My father would have been 86 today. Sometimes I wish that I could magic him back to life, if only for a day, but I also know that within ten minutes he'd be telling me an anecdote about his scouting holidays and not listening to what I was saying.
If I asked him what the afterlife was like, he'd probably tell me about a chap he'd met who knew Lofty Woods, who was stationed at the same RAF base as Bill Kent and suddenly we'd be back to the frustrating conversations we had when, as a teenager, I tried to get my father to talk about his feelings.
But my father came from a different age, when talking about emotions was regarded as effeminate or weak. You just put the lid on and got on with things. Perhaps this attitude became more widespread during and after the First World War, when the phrase 'unspeakable horror' became more than a figure of speech.
His parents were both working class and when my father left school at 14, he seemed destined to spend the rest of his life in a factory. But then the War came and with it, National Service. My father joined the RAF and spent two years working as an electrician, servicing and repairing Lancaster bombers.
After he was demobbed, everybody expected my father to return to his old job in the local factory, but he had other ideas. Instead, he went to night school and studied for the Civil Service Entrance Exam.
He passed the exam and joined the National Savings Bank as a clerical assistant. It was a poorly-paid job, but my father regarded it as a step up the social ladder and during the 1950s, he sought to acquire the trappings of a gentleman. Sometimes he didn't get it quite right:
I remember cringing with embarrassment as a child when my father appeared in ordinary social situations wearing a bow tie. Other children's dads dressed casually and drove modern cars. My father drove a 1960s Morris Oxford and wouldn't be seen dead without a tie. He even shaved twice a day.
With four decades between us, many people assumed that he was my grandfather. His 1930s childhood was very different from mine.
As part of his social ascent, my father joined the Young Conservatives and remained a diehard Tory for the rest of his life. Sometimes he felt that they were a little too left-wing and was very relieved when Margaret Thatcher got into power.
During my teens I had a very difficult relationship with my father and every meal turned into a blazing row. We disagreed about everything. Politically I regarded myself as fairly moderate, but in my father's eyes I was a militant socialist. When I started listening to classical music my father was delighted, but the moment I started to play "that flippin' modern rubbish" we clashed.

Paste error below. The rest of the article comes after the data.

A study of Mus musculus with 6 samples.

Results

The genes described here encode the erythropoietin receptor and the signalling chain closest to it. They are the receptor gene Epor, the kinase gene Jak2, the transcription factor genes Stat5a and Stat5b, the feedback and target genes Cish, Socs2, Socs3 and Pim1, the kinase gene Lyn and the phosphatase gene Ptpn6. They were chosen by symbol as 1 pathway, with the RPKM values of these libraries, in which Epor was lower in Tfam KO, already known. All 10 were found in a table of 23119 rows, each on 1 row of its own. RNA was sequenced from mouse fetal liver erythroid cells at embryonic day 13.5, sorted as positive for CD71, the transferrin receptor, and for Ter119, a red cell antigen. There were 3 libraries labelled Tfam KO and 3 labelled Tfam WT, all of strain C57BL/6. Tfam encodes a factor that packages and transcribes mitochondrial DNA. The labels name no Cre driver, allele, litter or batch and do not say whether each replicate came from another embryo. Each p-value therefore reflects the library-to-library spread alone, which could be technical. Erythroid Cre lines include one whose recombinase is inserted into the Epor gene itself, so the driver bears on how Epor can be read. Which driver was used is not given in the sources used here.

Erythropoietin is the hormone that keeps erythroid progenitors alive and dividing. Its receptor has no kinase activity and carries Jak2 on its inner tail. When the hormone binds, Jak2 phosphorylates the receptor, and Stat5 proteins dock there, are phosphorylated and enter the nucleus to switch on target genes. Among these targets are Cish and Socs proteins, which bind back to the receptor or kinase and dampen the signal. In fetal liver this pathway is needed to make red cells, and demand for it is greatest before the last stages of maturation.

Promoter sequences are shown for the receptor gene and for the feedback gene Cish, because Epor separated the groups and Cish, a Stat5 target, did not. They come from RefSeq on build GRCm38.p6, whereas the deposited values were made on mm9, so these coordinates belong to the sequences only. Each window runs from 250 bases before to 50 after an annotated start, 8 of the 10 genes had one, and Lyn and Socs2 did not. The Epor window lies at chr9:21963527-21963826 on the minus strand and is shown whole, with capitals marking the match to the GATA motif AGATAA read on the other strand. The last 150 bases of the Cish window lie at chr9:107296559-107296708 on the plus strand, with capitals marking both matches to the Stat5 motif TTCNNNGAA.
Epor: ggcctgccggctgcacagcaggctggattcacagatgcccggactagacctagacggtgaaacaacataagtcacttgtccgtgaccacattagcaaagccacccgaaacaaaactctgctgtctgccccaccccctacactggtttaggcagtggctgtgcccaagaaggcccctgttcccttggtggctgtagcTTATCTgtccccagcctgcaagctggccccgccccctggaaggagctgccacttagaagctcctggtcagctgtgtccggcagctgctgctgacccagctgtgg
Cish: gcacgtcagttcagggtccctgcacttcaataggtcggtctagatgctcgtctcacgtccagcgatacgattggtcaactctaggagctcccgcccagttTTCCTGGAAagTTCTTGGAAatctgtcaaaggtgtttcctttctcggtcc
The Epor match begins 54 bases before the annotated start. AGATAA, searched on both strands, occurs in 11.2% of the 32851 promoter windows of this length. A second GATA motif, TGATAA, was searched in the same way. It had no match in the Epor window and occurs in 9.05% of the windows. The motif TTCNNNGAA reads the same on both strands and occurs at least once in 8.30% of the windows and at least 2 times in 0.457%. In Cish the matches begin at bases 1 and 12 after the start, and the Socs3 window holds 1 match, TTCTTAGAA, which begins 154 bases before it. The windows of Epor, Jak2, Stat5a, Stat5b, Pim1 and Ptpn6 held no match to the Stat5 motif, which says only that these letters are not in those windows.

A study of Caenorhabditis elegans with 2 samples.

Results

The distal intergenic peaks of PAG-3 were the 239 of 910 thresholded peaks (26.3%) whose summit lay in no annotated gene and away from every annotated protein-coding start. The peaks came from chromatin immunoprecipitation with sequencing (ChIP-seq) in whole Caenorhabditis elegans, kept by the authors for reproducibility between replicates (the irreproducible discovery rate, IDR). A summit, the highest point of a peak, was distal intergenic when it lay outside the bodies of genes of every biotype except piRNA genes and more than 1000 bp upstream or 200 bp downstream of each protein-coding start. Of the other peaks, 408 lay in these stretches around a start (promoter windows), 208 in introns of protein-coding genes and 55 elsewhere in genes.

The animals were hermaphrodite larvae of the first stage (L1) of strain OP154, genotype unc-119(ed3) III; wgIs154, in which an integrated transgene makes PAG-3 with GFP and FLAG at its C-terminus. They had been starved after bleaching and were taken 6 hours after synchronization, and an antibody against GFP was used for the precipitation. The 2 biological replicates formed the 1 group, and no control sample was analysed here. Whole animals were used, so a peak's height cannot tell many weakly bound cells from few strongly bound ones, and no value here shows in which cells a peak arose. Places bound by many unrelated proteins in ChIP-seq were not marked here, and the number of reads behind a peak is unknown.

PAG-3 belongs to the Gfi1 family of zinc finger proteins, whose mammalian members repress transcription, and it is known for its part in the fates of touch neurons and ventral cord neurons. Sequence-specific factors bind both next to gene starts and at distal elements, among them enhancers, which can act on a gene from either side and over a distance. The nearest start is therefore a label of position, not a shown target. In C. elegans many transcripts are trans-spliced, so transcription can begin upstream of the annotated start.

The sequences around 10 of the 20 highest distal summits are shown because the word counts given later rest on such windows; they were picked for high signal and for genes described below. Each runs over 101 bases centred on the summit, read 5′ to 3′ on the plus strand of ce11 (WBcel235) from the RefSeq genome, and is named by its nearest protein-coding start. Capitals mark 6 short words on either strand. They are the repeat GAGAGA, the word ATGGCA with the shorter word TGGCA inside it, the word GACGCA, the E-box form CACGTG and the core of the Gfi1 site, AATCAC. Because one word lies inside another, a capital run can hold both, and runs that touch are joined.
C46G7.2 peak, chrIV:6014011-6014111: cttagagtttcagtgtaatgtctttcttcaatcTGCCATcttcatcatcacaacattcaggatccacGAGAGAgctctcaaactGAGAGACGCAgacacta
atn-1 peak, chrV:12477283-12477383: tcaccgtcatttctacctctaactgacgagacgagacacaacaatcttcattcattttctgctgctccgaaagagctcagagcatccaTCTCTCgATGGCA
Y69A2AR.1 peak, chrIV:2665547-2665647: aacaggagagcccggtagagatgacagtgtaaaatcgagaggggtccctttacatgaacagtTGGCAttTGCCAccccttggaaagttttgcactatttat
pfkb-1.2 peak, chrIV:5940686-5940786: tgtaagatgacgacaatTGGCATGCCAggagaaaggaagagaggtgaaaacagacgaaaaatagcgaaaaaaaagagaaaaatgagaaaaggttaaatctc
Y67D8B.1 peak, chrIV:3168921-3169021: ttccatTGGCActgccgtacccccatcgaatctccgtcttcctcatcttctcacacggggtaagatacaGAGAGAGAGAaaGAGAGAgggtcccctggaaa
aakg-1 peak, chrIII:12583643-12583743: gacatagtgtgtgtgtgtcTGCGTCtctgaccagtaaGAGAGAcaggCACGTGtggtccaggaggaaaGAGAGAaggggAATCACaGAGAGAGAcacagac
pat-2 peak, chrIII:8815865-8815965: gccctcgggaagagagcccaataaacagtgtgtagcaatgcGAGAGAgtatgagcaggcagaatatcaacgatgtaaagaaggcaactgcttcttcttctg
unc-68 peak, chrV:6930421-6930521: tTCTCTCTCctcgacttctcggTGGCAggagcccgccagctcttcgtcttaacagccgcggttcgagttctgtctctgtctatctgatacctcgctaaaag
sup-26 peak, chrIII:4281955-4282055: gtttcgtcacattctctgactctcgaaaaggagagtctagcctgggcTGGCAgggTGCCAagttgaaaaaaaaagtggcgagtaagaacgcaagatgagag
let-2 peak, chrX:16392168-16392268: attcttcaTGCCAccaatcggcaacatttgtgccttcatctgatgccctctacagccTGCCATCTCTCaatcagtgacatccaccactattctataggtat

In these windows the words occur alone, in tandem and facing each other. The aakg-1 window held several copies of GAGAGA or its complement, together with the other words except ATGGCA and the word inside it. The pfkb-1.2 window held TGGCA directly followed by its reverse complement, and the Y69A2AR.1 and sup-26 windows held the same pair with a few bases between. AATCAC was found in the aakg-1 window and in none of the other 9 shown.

In hindsight, he was a man in his mid-50s who was frustrated by so many things, not least his job. After years of drudgery his career was really taking off and he had been offered one of the higher posts in the Civil Service, but was losing his sight. It had been a gradual process and both my mother and I had grown used to telling him what colour the traffic lights were when he drove, not facing the reality of his blindness. When my father agreed to take early retirement, it must have been a very difficult decision to make.
I was a classic example of "Be careful what you wish for". My father wanted a middle class child, but made the mistake of thinking that it would result in a Hay Wain-loving, Conservative-voting clone. Instead, he had an intolerant, opinionated prig who ridiculed his views.
Luckily we both grew up and when we stopped feeling threatened by each other, we rediscovered the love that had always been there. I learned to see my father in the context of his background and realised what a remarkable journey he'd made.
I can't speak for my father, but I hope he saw that I possessed the same sense of moral conviction that drove him. We may have ended up holding opposing views, but we held them for the right reasons and both despised people who were motivated by self-aggrandisement.
As I grew older, I learned to appreciate the best things about my father. The flip side of his bigotry was a moral courage and sense of conviction that didn't waver under pressure. His love was never conditional and he was incredibly loyal to people.
The bigotry was frustrating, but if I bought home friends who didn't conform to my father's ideas of normality, he still was unfailingly polite. I remember him cornering one friend, who was black and dressed in outrageously foppish clothes, trying to convince him to join the Civil Service.
Today, I judge my father by his actions, not his views. He could be maddening to talk to, but in spite of everything he said, he was one of the kindest people I've known. When he died, I asked people to send donations to Sightsavers rather than waste their money on flowers. In less than two weeks, we had raised enough money for over 50 cataract operations. The funeral was packed.
My father almost died in 1994. His last eleven years were spent living a diminished life, limited to short journeys that made him feel terrible. But when my oldest son was born, he found a new reason to live.
As I descend deeper into fatherhood and hear myself uttering the same banal cliches that my father did, tutting at the vacuous children's television presenters and complaining about declining standards, I feel a growing sense of humility.
I am my father, but possibly not as good.